If the power draining away from Boris Johnson's premiership was visible during what might be his final Prime Minister’s Questions the whole ornate chamber would have quickly emptied.
There was even space on the government front bench where cabinet ministers are normally packed shoulder-to-shoulder. Not one minister risked the cosy positioning that is a weekly feature of the proceedings.
That was true of the new chancellor, Nadhim Zahawi who was next to the prime minister but keeping a polite distance from Mr Johnson’s increasingly toxic brand, knowing that a leadership contest was imminent and one in which the Iraq-born MP could be a front-runner.
On the other side was Deputy Prime Minister Dominic Raab, who made no eye contact with the prime minister throughout an extraordinary 45 minutes of a government in free fall.
The opposition benches were lively with boos, shouts and at one point — much to the Speaker’s distress — they clapped a Tory MP who stated the prime minister should go because he “always tries to blame other people for his mistakes”.
Throughout, those on the government benches sat in grim, icy silence. The whips, whose authority has almost entirely disappeared with the departure of the disgraced deputy chief whip Chris Pincher, and more than 20 government resignations, had not even bothered to attempt to drum up support for Mr Johnson.
It was a one man act. A rather sorrowful, repetitive one at that, but still playing to a sold-out House of Commons.
The packed gathering was there to witness the last rites of a man whose legacy will be of bringing down one prime minister and taking Britain away from its biggest trading partner, the European Union. That and the dissembling that has marked much of the last eight months of his downward spiral.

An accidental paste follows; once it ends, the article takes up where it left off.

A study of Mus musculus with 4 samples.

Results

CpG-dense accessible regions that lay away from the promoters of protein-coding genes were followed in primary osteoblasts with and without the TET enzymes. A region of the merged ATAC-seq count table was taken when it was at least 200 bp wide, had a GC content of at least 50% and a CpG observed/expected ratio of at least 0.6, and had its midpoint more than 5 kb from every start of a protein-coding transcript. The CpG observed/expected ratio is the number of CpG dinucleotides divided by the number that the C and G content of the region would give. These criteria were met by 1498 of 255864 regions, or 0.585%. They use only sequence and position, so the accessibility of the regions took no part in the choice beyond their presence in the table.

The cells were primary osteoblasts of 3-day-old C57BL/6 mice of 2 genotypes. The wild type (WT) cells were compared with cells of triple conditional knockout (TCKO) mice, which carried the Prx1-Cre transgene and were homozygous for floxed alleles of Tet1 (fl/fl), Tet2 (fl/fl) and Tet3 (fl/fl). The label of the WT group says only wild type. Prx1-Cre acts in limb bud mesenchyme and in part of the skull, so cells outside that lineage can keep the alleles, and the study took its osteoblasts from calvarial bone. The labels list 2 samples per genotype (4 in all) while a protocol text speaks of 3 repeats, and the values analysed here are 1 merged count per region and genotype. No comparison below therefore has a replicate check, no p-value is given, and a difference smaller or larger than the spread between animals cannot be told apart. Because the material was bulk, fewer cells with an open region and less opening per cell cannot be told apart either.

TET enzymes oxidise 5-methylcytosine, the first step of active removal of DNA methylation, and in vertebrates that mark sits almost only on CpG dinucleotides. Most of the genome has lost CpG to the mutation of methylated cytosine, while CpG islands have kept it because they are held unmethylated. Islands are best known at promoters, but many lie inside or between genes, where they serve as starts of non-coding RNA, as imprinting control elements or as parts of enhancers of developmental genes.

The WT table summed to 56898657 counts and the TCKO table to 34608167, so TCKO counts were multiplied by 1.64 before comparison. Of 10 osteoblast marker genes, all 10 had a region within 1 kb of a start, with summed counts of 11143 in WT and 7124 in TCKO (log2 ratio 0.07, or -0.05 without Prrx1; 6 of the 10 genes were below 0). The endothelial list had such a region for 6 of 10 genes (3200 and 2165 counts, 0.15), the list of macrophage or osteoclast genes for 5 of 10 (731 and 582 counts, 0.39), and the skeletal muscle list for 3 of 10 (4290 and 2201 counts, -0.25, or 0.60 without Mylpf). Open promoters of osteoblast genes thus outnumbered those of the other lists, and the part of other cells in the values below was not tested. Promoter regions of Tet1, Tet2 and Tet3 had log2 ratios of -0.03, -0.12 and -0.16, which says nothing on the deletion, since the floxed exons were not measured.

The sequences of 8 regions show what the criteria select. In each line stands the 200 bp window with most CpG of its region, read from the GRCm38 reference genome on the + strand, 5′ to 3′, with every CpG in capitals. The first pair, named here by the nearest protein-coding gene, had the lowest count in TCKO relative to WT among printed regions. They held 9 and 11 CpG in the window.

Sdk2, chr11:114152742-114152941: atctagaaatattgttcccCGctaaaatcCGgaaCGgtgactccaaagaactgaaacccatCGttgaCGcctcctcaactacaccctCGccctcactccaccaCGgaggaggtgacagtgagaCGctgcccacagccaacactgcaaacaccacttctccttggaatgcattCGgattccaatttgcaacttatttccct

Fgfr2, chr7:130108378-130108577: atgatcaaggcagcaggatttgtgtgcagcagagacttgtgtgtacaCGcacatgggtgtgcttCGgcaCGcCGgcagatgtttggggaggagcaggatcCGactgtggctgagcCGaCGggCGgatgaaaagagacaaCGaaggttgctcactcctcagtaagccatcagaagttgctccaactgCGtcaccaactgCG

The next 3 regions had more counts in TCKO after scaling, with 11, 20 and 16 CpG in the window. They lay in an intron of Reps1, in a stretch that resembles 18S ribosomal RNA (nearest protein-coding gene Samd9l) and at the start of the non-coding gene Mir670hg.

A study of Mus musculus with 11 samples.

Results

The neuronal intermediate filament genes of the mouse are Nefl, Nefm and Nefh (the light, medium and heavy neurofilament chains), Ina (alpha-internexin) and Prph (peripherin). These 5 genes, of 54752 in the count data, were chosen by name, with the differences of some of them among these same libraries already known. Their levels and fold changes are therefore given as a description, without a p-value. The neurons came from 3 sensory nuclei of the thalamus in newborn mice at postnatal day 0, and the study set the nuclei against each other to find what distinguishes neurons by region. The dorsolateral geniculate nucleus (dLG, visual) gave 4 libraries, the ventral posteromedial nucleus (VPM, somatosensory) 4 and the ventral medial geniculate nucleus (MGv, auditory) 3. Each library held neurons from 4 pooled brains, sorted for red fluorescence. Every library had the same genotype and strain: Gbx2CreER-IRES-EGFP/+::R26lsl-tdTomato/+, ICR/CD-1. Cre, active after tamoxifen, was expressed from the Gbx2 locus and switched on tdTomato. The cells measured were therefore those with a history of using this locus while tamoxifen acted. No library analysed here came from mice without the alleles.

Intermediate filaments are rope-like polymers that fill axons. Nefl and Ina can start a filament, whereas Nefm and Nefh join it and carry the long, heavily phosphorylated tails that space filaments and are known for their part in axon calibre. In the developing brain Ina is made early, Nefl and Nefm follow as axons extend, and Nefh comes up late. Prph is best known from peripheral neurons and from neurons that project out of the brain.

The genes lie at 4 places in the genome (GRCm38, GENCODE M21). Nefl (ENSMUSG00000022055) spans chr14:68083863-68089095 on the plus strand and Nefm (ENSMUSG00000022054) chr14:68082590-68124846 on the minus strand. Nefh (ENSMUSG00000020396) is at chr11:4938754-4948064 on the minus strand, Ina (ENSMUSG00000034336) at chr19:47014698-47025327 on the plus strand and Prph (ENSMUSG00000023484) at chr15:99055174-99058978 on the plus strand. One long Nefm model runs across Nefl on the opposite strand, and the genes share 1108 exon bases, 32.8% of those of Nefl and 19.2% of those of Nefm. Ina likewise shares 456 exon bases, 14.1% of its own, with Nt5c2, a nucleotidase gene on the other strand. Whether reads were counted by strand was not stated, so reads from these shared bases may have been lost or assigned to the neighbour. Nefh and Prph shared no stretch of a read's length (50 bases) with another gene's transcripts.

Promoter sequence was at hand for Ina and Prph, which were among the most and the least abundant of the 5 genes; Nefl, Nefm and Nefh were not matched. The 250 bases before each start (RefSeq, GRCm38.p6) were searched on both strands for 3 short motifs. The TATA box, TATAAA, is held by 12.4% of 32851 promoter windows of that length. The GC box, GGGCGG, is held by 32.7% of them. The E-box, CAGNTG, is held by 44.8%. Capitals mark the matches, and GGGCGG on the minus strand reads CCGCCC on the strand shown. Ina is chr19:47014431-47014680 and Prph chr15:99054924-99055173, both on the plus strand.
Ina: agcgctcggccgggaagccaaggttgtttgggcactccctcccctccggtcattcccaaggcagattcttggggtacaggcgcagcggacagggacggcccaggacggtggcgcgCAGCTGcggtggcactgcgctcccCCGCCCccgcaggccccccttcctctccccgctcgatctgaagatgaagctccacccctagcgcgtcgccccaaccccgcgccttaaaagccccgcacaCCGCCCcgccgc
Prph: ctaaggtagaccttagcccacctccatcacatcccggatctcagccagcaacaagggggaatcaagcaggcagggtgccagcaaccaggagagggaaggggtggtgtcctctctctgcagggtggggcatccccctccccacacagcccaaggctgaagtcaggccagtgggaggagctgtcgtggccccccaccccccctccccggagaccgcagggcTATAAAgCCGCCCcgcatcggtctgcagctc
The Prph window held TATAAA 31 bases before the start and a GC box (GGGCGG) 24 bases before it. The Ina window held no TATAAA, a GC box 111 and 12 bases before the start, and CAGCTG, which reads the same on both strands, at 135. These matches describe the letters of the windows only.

“I'm going to hang on in there, that’s what I’m going to do,” Mr Johnson pledged to sniggers, reinforcing the views of many backbenchers who may now oust him quicker than first thought.
Greeted by boos and few cheers, Mr Johnson had initially attempted to make light of the resignations. “Today is a big day,” he said in response to opposition jeers. “I suspect I will have further such meetings,” he added, in reference to possible further resignations.
That prompted laughter from Labour but stony silence from those sitting behind him.
Sir Keir Starmer, the Labour leader, launched a withering assault, striking with some of his sharpest phrases, honed from his days as a criminal prosecutor.
A deep silence descended as he outlined the grim mechanics of Mr Pincher’s alleged sexual assault from the young male victim’s witness statement.
Whatever happens next, the British parliament will need to significantly reform how it deals with people in power taking advantage of those who are not.
That is unlikely to be on Mr Johnson’s watch. He could only look on bemused as Sir Keir skewered him with verbal rapiers. “The sinking ship is fleeing the rat,” Sir Keir said, referring to the raft of ministerial resignations. Those left in the government were attempting the “charge of the lightweight brigade”, he went on, and Mr Johnson’s most recent appointments were the “dying act of a political career”.
There was no killer blow from the government benches. “Does the prime minister think there any circumstances in which he should resign?” asked one of his exasperated MPs.
“The job of a PM in difficult circumstances is to keep going,” Mr Johnson retorted. “That’s what I’m going to do.” His sentiment seemed to merely reinforce the will of those who want him out.
As Mr Johnson stood up to leave a Labour backbencher shouted “bye Boris!” It was perhaps the nicest thing something had said to him all day.